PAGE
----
Akeed Mofeed, the Hong Kong Derby winner in the spring, worked through a tight spot at mid-stretch to win the Longines Hong Kong Cup (HK-I) from persistent Japanese pacesetter Tokei Halo by one length Dec. 8 at Sha Tin, while American hopeful Little Mike finished ninth.
French-based multiple group I winner Cirrus des Aigles, rated the world's top horse at the start of the year, finished third in the Hong Kong Cup, just a neck farther back, and Hong Kong's reigning Horse of the Year, Military Attack, got home fourth.
Little Mike, winner of the 2012 Breeders' Cup Turf (gr. IT), raced close to the lead through most of the Cup but could not go with the late runners and quickly faded from contention in the final 200 meters.
Akeed Mofeed, a 4-year-old British-bred colt by Dubawi, covered the 2,000 meters (about 1 1/4 miles) on firm going in 2:01.96 under Douglas Whyte. The win gave Hong Kong three wins from the day's four group I races—that in a year when the local team had seemed understaffed and the foreign runners daunting.
The outcome of the Cup, however, was in serious doubt halfway down the Sha Tin stretch. Tokei Halo was on the lead when Whyte tried to move inside of him to take the lead. But Tokei Halo slammed that door shut while Cirrus des Aigles was moving just outside Akeed Mofeed, effectively trapping the eventual winner into a tight box.
"I was trying to sneak up the rail quietly," Whyte said, and when that route was shut down, "I had just enough horse to take back half a length and go around.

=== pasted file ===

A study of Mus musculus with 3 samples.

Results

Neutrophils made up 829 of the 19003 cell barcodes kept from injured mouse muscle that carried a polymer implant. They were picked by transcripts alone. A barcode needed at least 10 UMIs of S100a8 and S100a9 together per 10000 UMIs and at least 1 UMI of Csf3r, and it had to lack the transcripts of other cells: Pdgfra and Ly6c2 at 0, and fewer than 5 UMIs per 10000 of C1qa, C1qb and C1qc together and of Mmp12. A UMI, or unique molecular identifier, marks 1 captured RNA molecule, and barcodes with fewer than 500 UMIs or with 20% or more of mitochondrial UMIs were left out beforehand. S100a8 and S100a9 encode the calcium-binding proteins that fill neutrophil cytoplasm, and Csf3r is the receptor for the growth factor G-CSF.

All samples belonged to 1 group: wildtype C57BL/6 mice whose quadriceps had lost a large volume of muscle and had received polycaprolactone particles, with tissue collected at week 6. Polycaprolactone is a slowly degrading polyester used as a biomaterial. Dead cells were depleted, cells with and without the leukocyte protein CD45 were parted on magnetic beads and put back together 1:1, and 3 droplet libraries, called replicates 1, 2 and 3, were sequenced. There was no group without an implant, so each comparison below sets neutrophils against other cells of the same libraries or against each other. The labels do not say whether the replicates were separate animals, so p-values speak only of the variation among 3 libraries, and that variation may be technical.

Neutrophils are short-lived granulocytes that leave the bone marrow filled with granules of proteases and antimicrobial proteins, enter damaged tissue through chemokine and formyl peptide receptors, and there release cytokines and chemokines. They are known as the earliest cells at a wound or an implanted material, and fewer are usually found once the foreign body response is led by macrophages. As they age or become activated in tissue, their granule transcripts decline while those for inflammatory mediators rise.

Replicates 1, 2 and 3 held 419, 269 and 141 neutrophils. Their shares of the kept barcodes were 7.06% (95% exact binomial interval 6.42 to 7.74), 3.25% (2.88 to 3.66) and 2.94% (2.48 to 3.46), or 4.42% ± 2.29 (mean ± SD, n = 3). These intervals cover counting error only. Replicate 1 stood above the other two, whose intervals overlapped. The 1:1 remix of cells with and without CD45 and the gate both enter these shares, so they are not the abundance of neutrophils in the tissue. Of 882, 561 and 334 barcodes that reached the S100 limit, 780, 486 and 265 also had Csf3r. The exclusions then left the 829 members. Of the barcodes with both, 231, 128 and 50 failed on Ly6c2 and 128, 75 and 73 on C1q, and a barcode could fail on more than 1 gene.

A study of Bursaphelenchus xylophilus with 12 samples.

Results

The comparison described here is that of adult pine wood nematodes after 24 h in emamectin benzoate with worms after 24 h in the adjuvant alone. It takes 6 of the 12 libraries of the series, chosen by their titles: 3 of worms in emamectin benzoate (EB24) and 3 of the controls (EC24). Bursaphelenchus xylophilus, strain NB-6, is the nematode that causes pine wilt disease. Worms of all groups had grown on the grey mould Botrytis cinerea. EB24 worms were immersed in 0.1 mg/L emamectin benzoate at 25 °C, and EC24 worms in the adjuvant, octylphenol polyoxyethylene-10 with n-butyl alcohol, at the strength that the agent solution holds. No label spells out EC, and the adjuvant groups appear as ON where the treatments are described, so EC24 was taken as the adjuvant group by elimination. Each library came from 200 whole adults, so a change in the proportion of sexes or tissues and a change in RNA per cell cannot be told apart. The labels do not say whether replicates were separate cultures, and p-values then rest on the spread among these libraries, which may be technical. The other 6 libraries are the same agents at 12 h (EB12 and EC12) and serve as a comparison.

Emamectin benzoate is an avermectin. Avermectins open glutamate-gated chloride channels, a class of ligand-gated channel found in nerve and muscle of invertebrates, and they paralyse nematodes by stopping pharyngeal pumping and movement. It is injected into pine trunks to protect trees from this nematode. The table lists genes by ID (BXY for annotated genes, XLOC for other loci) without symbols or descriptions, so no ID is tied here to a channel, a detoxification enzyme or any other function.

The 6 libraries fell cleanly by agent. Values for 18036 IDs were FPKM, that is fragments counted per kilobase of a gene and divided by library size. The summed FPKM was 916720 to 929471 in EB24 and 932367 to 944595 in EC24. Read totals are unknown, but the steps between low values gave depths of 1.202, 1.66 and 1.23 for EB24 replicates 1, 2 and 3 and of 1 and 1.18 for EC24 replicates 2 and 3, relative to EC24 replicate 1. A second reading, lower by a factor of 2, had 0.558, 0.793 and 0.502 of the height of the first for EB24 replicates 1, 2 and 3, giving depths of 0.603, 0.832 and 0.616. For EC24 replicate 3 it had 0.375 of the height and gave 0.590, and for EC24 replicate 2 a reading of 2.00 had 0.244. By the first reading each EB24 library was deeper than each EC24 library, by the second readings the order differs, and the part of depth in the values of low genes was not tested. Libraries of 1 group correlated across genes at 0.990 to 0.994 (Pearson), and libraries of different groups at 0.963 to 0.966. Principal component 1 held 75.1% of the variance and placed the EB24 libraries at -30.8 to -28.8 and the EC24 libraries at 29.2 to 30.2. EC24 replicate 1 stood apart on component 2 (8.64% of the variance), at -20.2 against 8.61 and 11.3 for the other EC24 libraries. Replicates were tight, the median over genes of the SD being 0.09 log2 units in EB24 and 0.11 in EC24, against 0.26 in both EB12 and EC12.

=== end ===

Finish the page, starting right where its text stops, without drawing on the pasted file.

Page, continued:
"Akeed Mofeed is the real deal," he added.
Winning trainer Richard Gibson credited Whyte for saving the day.
"It's a pleasure working with these world-class jockeys," Gibson said. "There was certainly big trouble on the rail there. It was all the skill and ability of Dougas Whyte."
Whyte had won only one previous race in the Hong Kong International series: the 1998 Hong Kong Vase with Indigenous. "It's been a while between drinks," he said.
Akeed Mofeed, who was bred by Rabbah Bloodstock out of the Tiger Hill mare Wonder Why, started his career in Ireland, where he finished fourth behind Camelot in the 2012 Dubai Duty Free Irish Derby (Ire-I) at the Curragh. He then won a minor stakes at Cork before shipping to Hong Kong. After winning the Hong Kong Derby this March for owner Pan Sutong, he finished fifth behind Military Attack in the Audemars Piguet Queen Elizabeth II Cup (HK-I) at Sha Tin in May.
Asked about his plans for Akeed Mofeed in 2014, Gibson said, "We've got stallion plans for the horse. It's a good time to travel" to bolster his resume.
Gibson said it is possible Akeed Mofeed will travel to Dubai and most likely compete in Australia, where he probably will stand after retirement. But he said no firm plans are in place.
"I've just been planning for five months for this one," he said.